UN protests as fighting in Bosnia spreads


In the Bosnian capital, an artillery exchange between Serbs and Muslims in a Sarajevo suburbs only stopped after the United Nations called in Nato warplanes to over-fly rival positions. The UN has protested to the Bosnian government about the Sarajevo clashes.

``It's not in the interests of peace,'' said General Sir Michael Rose, commander of UN troops in Bosnia.

The UN spokesman, Major Herve Gourmelon, said of the military situation in north-western Bosnia: ``There was heavy fighting in Bosanska Krupa with an unspecified number of heavy casualties on both sides.''

Government forces have been attacking the town since launching an offensive 11 days ago, forcing Serbs to retreat in north-west and central Bosnia and taking 95 square miles of territory in the Bihac pocket alone. The multi-pronged Muslim assault in north-western, central and eastern Bosnia, severely stretched limited Bosnian-Serb manpower and hampered movement of their armour, forcing them for the first time in the 31-month war to yield large areas of territory to their hitherto poorly armed foes.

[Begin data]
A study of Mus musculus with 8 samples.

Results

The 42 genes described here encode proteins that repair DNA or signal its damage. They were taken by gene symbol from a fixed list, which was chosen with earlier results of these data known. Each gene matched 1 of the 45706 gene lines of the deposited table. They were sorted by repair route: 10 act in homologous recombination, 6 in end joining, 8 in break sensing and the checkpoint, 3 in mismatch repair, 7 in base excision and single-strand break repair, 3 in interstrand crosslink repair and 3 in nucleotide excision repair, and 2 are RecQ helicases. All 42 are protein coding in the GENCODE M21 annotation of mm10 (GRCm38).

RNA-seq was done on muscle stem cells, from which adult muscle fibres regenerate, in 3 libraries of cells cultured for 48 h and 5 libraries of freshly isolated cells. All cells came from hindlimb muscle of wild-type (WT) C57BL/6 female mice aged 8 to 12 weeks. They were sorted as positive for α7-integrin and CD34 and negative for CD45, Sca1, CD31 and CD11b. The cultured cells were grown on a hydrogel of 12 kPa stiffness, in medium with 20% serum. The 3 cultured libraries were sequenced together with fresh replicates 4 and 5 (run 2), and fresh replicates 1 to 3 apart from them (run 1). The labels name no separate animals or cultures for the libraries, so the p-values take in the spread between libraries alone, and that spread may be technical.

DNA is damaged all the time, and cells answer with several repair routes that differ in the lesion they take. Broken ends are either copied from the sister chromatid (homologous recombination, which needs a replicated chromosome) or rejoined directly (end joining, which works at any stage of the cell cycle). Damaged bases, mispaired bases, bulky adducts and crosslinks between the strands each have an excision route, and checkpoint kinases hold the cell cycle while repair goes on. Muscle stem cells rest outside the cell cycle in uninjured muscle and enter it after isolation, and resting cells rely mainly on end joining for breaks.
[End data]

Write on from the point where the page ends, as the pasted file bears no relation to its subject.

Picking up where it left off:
By yesterday, however, there were increasing signs that the Serbs were beginning to fight back around Bihac. A television crew in the area reported that the Serbs had taken high ground at Cukovi, about 12 miles south-east of Bihac town.

UN sources said Serbs in the nearby Krajina region of Croatia appeared to be reinforcing their positions along the Croatian-Bosnian border with a view to hemming in Bosnian government forces.

The sources said Krajina Serbs had refused to allow Gen Rose to cross their territory to make a planned visit to Bihac yesterday.

The Bosnian army said it had taken 25 square miles of territory in an area north of Sarajevo and captured Serb anti-aircraft guns and ammunition. But the Bosnian Serbs denied that a Muslim infantry and artillery attack had succeeded in breaking through Serb lines, while the UN said the amount of ground claimed by the Bosnians was probably exaggerated.

All was quiet yesterday in Kupres, central Bosnia, the first town captured by the Bosnian government army in the war. The town centre was virtually deserted, and the outskirts were guarded by a few Muslim and Croat soldiers huddled around fires on a windswept plain.